Deliberate “squashing” of colloidal quantum dots when a chemical synthesis is in progress could lead to the creation of dots with the capability of stable, “blink-free” light emission that is on par with the light generated by dots formed using highly complex processes.
(Image credit: Los Alamos National Laboratory)
The light emitted by the squashed dots is spectrally narrow with a non-fluctuating emission energy and a highly stable intensity. According to a new study at
Los Alamos National Laboratory, the strained colloidal quantum dots are a practicable alternative to the nanoscale light sources that are currently being used, and they warrant investigation as single-particle, nanoscale light sources for optical “quantum” circuits, medical diagnostics, and ultrasensitive sensors.
In addition to exhibiting greatly improved performance over traditional produced quantum dots, these new strained dots could offer unprecedented flexibility in manipulating their emission color, in combination with the unusually narrow, ‘subthermal’ linewidth. The squashed dots also show compatibility with virtually any substrate or embedding medium as well as various chemical and biological environments.
Victor Klimov, Project Lead Researcher, Los Alamos National Laboratory.
The innovative colloidal processing methods enable virtually perfect quantum-dot emitters to be prepared using almost 100% emission quantum yields demonstrated for a broad array of visible, infrared, and ultraviolet wavelengths. These developments have been used in a range of light-emission technologies, leading to successful commercialization of quantum-dot displays and TV sets.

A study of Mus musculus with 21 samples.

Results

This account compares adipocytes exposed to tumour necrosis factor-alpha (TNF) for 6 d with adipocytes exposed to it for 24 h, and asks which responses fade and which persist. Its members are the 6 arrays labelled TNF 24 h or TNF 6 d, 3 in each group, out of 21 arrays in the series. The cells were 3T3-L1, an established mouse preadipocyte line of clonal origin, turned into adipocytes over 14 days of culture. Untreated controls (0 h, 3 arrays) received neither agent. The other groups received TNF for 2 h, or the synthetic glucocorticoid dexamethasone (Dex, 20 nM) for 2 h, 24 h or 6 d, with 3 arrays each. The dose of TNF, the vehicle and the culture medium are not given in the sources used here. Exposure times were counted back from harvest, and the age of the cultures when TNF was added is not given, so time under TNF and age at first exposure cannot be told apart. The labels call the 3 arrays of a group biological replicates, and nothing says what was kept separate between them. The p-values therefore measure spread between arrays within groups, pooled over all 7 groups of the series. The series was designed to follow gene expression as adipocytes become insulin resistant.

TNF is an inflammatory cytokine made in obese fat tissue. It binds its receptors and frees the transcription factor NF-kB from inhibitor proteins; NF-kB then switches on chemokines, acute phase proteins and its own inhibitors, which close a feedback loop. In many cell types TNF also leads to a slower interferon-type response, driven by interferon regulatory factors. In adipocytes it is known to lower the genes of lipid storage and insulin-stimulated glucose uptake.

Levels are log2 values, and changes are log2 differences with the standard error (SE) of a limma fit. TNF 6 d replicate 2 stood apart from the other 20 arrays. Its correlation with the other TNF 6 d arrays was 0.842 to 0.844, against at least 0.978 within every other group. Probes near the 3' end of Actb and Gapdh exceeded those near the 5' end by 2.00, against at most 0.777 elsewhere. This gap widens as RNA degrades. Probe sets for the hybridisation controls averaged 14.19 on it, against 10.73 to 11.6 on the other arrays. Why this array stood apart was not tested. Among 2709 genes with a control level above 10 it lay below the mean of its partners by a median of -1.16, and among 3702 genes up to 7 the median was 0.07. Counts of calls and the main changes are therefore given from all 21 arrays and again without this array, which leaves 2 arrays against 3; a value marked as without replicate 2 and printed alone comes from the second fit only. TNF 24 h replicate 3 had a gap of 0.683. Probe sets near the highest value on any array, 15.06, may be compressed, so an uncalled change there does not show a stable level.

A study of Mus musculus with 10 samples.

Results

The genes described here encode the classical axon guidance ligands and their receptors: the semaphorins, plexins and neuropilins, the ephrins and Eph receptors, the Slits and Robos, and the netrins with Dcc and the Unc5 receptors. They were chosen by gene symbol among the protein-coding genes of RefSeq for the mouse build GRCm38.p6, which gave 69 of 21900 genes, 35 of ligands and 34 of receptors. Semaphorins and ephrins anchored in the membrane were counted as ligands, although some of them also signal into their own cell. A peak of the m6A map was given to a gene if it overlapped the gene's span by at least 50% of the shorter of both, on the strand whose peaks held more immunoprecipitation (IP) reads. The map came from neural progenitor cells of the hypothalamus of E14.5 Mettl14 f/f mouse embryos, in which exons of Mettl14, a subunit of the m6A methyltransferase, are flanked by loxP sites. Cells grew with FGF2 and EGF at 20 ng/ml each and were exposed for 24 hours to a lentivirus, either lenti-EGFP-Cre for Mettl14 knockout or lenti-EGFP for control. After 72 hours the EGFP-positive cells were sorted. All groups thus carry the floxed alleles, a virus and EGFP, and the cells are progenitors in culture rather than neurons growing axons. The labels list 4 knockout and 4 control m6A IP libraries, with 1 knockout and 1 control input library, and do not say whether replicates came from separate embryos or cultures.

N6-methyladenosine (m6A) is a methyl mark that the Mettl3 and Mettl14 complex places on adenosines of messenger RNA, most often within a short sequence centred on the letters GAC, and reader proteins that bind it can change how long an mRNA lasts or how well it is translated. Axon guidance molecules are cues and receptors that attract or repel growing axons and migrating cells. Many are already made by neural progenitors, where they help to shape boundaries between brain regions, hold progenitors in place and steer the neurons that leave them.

The next step is the investigation of the use of colloidal quantum dots as single-particle, nanoscale light sources. Future “single-dot” technologies such as these would need particles that have highly stable, nonfluctuating spectral properties. The recent years have evidenced substantial advancement in avoiding random variations in emission intensity by shielding a small emitting core using a specifically thick outer layer. However, these thick-shell structures still present strong fluctuations in emission spectra.
In a new paper published in the
Nature Materials journal, scientists at the Los Alamos National Laboratory showed that it is possible to almost completely suppress spectral fluctuations in single-dot emission by using an innovative technique of “strain engineering.” The most important factor in this strategy is combining two semiconductors that have directionally asymmetric lattice mismatch in a core/shell motif, resulting in anisotropic compression of the emitting core.
This alters the structures of a quantum dot’s electronic states, thus modifying its light-emitting properties. One significance of these modifications is the achievement of the regime of local charge neutrality of the emitting “exciton” state, which considerably minimizes its coupling to lattice vibrations and fluctuating electrostatic environment, which is vital in curbing fluctuations in the emitted spectrum. An additional advantage of the altered electronic structures is the drastic narrowing of the emission linewidth, which turns smaller compared to the room-temperature thermal energy.